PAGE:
Should Businesses Be Able to Turn Away Customers Who Smell Like Pot?
It's a legitimate question: Should businesses be allowed to refuse service to customers who smell like they've been smoking marijuana? It can be sticky, especially in states like Michigan, where voters have chosen to approve the recreational use of marijuana. (I took a considerable amount of s**t in 2018 when I shared my decision to vote against the measure.)
Since the use of recreational marijuana in Michigan has become legal, you've probably noticed the unmistakable smell of pot practically everywhere you go. It hits me like a ton of bricks in small spaces like my doctor's waiting room and even in large open areas like grocery stores. I was especially bothered by it the other day when I was in a parking lot and a family of four exited their vehicle. The kids who climbed out of the backseat were probably less than 10 and the overwhelming smell of weed poured from the vehicle. Really? You're getting baked in your car with the kids in the backseat?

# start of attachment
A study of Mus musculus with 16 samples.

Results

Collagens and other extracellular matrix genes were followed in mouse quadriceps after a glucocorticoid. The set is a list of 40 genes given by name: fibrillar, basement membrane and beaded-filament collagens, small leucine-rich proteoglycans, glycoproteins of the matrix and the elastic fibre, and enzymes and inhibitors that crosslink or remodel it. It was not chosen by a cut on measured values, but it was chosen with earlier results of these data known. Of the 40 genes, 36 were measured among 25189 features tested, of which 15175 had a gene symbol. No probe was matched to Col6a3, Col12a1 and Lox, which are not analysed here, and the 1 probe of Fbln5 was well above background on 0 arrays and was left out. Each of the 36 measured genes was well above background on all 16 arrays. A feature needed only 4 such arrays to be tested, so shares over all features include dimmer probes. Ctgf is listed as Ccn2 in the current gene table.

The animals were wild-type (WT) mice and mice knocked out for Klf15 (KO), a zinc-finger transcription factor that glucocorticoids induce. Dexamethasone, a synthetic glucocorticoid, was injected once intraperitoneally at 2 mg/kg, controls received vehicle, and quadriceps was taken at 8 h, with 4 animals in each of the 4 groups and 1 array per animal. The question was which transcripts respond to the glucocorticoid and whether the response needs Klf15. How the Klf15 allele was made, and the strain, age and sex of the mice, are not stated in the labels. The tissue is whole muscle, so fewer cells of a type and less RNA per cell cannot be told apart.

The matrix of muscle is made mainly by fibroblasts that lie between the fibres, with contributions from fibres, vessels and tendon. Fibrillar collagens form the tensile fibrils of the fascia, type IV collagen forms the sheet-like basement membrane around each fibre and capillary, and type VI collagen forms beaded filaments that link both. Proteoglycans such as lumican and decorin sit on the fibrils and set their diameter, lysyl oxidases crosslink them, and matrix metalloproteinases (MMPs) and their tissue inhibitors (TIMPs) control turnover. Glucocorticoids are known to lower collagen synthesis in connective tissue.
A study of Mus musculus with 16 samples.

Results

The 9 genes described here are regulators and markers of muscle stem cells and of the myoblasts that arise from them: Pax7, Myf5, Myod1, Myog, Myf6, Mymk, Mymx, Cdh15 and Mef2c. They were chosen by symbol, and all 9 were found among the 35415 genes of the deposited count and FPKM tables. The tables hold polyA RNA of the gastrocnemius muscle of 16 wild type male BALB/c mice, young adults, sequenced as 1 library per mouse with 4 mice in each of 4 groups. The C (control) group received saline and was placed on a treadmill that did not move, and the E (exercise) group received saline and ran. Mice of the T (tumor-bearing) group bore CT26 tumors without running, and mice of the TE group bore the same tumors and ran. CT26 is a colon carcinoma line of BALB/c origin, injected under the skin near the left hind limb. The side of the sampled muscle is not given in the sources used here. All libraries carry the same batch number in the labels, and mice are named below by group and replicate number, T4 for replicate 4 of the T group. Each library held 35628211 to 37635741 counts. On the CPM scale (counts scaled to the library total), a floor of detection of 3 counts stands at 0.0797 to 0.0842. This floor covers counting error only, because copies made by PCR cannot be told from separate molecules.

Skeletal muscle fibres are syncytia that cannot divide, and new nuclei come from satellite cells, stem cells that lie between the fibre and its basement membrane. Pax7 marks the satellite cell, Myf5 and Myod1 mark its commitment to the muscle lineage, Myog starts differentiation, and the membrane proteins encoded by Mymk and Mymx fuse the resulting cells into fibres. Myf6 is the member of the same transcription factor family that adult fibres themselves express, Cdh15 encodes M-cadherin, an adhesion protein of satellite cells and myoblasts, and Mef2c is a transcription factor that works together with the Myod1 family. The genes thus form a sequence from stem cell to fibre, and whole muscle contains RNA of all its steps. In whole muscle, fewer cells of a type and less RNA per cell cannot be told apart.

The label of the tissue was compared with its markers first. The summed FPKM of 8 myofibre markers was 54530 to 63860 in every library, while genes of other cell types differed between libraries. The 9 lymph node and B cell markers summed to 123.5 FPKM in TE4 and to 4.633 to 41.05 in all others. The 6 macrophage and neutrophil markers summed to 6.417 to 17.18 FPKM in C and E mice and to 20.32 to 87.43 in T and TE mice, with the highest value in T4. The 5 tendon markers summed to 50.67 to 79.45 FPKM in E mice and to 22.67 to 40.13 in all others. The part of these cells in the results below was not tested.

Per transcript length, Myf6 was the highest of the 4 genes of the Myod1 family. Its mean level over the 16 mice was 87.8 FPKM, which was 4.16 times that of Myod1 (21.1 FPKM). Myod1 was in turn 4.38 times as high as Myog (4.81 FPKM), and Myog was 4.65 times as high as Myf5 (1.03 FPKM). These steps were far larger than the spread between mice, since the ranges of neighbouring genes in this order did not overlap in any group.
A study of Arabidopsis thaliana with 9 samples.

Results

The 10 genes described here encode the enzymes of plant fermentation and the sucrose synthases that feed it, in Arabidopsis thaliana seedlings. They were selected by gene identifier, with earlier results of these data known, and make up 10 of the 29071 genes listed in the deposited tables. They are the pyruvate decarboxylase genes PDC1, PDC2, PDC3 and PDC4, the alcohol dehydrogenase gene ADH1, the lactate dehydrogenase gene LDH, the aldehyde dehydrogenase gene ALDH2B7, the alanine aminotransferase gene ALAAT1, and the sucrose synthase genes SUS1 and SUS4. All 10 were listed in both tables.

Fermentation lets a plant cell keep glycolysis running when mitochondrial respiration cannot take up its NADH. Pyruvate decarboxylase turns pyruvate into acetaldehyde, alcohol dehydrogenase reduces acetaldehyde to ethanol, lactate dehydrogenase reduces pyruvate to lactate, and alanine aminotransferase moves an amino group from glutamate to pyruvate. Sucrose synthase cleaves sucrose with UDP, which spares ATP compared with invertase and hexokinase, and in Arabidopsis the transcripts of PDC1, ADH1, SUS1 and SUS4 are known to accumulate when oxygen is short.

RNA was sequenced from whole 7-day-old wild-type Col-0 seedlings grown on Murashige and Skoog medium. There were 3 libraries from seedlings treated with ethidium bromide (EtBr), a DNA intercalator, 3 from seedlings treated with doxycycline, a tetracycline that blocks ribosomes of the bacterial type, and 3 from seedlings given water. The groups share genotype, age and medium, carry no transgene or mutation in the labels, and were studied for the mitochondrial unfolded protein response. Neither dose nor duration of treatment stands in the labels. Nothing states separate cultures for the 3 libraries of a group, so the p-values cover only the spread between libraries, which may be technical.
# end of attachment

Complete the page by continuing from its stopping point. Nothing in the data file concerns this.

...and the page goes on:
Don't get me wrong, I'm not a prude. I probably smoked more than my fair share of pot when I was in my 20s and before it was legal to do so. But I always thought that discretion was in order. (And maybe that was driven by the fact that weed was illegal at that time.)
A Detroit area business is putting its foot down. The Caucus Club is making it clear on its Facebook page, saying that they won't admit patrons who smell like weed.
Seriously people, hoodies and jerseys are not business attire. Neither are ball caps and sneakers. Most importantly, if you smell like marijuana don’t even think of stepping inside the Caucus Club.
The majority of commenters who weigh in are supportive of the restaurant's stance on the matter.
But what do you think? Should restaurants be able to refuse service to people who smell like pot? How about tobacco? Body order? Feel free to weigh in below.